The movement against organizations

(written by lawrence krubner, however indented passages are often quotes). You can contact lawrence at: lawrence@krubner.com

Peter F Drucker said that we were living through the era of organizations. He was writing about the mid 20th century. I think that era is ending. Life for 100 years was about organizations and nation states, and during that era people enjoyed an increase in their standard of living, but during the whole era there was a constant criticism that organizations were infringing on people’s freedom. The criticism had right-wing and left-wing variations, but there was unease the whole time. Now, faced with the Great Recession, people have the chance to rethink the role of organizations.

This is an interesting take:

In other words, it’s not just about inequality–but the deeper failure of institutions. To let people–especially the young–redress inequality by whatever slender means they might muster, by creating new opportunities. At every turn, the people in the Metamovement feel not merely spurned and scorned–but suffocated and strangled by institutions every bit as unflinchingly lethal as a hangman’s noose.

Their truth, I suspect, might be this: there’s no one left to turn to–and so the Metamovement has turned to each other. Not for yesterday’s notions of “solidarity”, or the corporatist ideal of “inspiration”–but as nodes in a pulsing network whose coherence defines it: to demand institutions which can literally deliver the goods of enlightened social contracts. That enshrine in the people, first and foremost, the inalienable right to be authors of their own destinies–instead of mute victims, puppets yoked by the invisible hands of remorseless fate.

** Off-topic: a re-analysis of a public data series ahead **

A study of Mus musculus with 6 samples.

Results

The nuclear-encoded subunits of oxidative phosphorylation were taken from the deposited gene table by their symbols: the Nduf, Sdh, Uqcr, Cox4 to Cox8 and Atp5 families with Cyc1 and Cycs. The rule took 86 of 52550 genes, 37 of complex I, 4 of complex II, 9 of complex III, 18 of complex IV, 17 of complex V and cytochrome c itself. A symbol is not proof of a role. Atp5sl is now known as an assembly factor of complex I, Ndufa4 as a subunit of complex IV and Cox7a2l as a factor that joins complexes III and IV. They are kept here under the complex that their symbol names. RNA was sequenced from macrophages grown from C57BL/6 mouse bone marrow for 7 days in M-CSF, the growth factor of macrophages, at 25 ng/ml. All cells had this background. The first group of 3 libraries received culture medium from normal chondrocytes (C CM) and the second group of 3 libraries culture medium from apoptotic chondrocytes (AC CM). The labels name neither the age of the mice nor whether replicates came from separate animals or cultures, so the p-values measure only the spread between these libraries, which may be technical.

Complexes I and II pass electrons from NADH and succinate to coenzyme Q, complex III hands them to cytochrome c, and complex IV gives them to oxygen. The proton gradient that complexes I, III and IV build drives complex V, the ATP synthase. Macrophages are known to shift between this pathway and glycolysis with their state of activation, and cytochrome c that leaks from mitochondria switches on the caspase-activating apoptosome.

For no matter how small and insignificant those destinies might seem to those looking down from the Olympian heights, in an era where prosperity itself lies in tatters, to have no agency over your destiny is the final word; the allegorical slap in the face; the insult that cannot be borne; the spark of quiet revolution.

To get a deep, intuitive–visceral–feel for this, please stop for a second and visit We Are The 99 Percent. Check out some of the pictures–and reflect on the deeper thread that runs through them: one not merely of loss of financial prosperity, but of the paring back of dignity, of the evisceration of agency, of the disappearance of that which might be said to be essential to the experience of being human, before all else–the power to make purposive choices, the gods themselves be damned (for example, to reduce it to crudity, the hyper-American decision to “pull yourself up by your own bootstraps”). Read a few? Good.

It is, of course, this sense of choice that is the cornerstone of eudaimonia, a moral obligation to make if not the most, then at least better than the least of one’s potential. And in that foundational sense, I’d say, the Metamovement is the first glimmering of a larger eudaimonic revolution that will burn over the globe like Bouazizi’s fire.

Yesterday’s institutions have reaped the whirlwind. The furies have blinked luridly awake. Not every revolt ends in revolution–but every revolution begins in revolt.